Fake News is Not So New in Cyber Security

Biased reporting of the news is nothing new, but outright fabrication of stories by mainstream media seems to have taken on a life of it’s own recently. Ironically, so-called “fake news” is also nothing new, when dealing with the Internet and especially social media outlets. But what may be surprising to some, fabricated news stories in digital media are often designed as click bait with a specific purpose of delivering a malware punch!

On the Internet in general, and in social media especially, there is a need for discernment. Anyone with an internet connection and a few rudimentary skills can put up a web site, self-proclaim themselves as a news outlet, and proceed to load their site with enticing stories, internet links, banner ads and images. Click on the wrong item, and you may be pulling malware onto your computer. Other items may ask visitors to create a login to get more or better content, or download free software! With many warnings and years of safe computing advice being provided by corporations, how is it possible that this stuff still works? It’s based in human nature, unfortunately.

In an interesting article by Filippo Menczer at Indiana University, he points out that we are predisposed to believe and trust information that either appears to come from a friend or supports our preconceived opinion on a topic. The risks begin to emerge when cyber criminals initiate a malware attack from a spoofed email or social media contact, such that it rises up your trust ladder automatically. With this perceived approval, people don’t always apply the same level of scrutiny and suspicion they might based on an unsolicited contact from a total stranger. In an experiment conducted 10 years ago, Menczer found that whopping 72 percent of college students would trust a link that appeared to come from a friend, and go so far as entering logon credentials. These students are members of the tech-savvy generation who should really know better!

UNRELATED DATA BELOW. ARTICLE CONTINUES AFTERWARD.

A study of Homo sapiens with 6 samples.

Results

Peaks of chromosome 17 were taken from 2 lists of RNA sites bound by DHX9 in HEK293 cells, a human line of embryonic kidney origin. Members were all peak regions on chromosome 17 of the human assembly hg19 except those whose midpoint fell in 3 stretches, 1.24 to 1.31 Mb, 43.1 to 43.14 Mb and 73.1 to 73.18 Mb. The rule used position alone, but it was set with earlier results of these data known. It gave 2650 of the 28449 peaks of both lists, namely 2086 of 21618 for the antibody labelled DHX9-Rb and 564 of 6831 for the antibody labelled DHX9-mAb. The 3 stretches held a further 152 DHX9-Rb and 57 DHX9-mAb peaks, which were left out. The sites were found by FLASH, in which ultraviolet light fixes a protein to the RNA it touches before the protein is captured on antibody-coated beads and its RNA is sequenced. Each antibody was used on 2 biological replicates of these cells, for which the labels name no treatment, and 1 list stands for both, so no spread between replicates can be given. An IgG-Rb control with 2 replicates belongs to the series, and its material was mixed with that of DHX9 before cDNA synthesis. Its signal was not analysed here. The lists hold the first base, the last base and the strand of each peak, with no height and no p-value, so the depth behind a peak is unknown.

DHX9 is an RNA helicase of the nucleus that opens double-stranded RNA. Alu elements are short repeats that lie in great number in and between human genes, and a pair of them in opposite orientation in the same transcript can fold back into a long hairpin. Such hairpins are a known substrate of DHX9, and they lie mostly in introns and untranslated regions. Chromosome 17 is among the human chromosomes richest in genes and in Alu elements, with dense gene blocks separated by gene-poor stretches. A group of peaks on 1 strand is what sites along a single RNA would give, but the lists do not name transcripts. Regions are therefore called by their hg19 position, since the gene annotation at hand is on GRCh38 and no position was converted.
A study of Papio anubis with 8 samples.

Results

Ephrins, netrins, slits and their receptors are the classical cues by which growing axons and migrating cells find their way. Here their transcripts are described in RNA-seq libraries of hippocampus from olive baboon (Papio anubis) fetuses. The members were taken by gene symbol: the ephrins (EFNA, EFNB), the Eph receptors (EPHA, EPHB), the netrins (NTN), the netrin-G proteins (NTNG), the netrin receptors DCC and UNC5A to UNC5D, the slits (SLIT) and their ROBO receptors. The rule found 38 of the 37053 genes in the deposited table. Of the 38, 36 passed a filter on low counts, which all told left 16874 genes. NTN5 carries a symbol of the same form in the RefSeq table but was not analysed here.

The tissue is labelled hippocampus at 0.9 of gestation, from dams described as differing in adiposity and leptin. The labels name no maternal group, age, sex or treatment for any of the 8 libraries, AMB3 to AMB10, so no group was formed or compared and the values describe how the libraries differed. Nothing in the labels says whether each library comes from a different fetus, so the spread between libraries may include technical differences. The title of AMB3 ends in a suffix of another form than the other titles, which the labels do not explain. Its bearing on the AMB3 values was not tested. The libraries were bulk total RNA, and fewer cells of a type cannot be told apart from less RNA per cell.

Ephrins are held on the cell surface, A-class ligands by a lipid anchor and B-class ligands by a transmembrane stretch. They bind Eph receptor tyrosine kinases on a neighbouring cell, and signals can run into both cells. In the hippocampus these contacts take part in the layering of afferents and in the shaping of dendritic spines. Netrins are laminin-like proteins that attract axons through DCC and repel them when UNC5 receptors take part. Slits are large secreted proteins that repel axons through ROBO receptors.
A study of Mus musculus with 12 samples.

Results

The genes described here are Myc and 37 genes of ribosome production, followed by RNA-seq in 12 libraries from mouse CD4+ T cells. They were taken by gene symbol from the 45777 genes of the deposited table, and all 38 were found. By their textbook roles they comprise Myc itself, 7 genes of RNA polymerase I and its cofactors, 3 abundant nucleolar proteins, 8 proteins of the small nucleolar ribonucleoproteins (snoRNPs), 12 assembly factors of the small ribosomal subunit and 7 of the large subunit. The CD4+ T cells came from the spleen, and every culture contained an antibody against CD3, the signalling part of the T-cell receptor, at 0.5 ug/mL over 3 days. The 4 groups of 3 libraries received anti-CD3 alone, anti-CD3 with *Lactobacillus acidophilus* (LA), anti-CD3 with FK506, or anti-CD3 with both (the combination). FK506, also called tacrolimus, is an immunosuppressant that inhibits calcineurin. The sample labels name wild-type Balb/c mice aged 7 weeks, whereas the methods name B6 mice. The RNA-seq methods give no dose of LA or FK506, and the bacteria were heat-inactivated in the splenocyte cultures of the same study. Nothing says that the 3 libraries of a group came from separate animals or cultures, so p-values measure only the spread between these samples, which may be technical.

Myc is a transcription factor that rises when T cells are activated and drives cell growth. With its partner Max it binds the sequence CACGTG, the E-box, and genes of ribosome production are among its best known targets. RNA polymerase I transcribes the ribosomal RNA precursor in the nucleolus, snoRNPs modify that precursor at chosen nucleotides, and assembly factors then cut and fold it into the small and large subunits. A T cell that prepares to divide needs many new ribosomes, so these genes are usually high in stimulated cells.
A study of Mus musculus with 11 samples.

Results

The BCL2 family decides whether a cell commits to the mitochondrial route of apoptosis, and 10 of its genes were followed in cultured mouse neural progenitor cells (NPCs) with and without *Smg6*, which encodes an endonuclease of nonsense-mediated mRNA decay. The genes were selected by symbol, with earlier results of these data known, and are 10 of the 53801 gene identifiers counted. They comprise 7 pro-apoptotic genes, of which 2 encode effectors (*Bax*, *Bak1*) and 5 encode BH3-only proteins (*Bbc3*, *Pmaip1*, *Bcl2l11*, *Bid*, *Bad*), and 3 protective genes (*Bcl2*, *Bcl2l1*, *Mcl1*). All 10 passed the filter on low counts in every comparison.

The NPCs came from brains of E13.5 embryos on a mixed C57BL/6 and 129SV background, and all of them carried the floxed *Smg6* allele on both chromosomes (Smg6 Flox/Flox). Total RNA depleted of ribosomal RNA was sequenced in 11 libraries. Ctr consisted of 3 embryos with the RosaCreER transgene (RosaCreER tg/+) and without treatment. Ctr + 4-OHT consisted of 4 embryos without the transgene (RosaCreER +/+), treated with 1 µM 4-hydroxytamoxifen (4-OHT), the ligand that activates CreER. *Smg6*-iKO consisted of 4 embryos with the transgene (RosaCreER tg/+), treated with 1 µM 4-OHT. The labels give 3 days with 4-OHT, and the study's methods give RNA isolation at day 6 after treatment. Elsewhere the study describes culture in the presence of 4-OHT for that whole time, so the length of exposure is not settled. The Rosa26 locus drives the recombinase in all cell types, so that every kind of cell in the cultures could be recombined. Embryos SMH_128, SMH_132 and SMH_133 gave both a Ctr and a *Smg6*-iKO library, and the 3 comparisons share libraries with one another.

Cyber criminals use human nature against us. Using current events as a foundation, they might for example craft a phishing email around a group of {storm victims, refugees, etc.} that need immediate financial aid – click here to donate! Or offer to show the video proof of {pick a name} doing {fill in the blank} with (or to) {some celebrity} – click here to download this file! Through the use of social bots, not only are these types of attacks sophisticated and timely, they can even be “trending” in social media, further playing on our desire to be part of a popular movement. Certainly not all fake news is designed to deliver malware. Some is just trying to drive traffic to produce revenue from legitimate web ads. Some is simply trying to influence public opinion. But with the plethora of fake news on the Internet, it can seem an overwhelming challenge to diligently practice discernment.

This is why companies today need to invest in cyber security awareness training for their employees that goes beyond just warning them to be careful. Traditional training techniques, even when bolstered with an annual refresher, are simply insufficient for today’s needs. Modern training methods that produce quantifiable long-term behavior changes are needed. Equipping your employees to be discerning, and encouraging them to be constantly vigilant, will have positive results in reducing your level of risk from these types of attacks. Your people are important to the success of your company. Give them the skills necessary to be your front line of defense against malware attacks on your company in today’s online and connected world.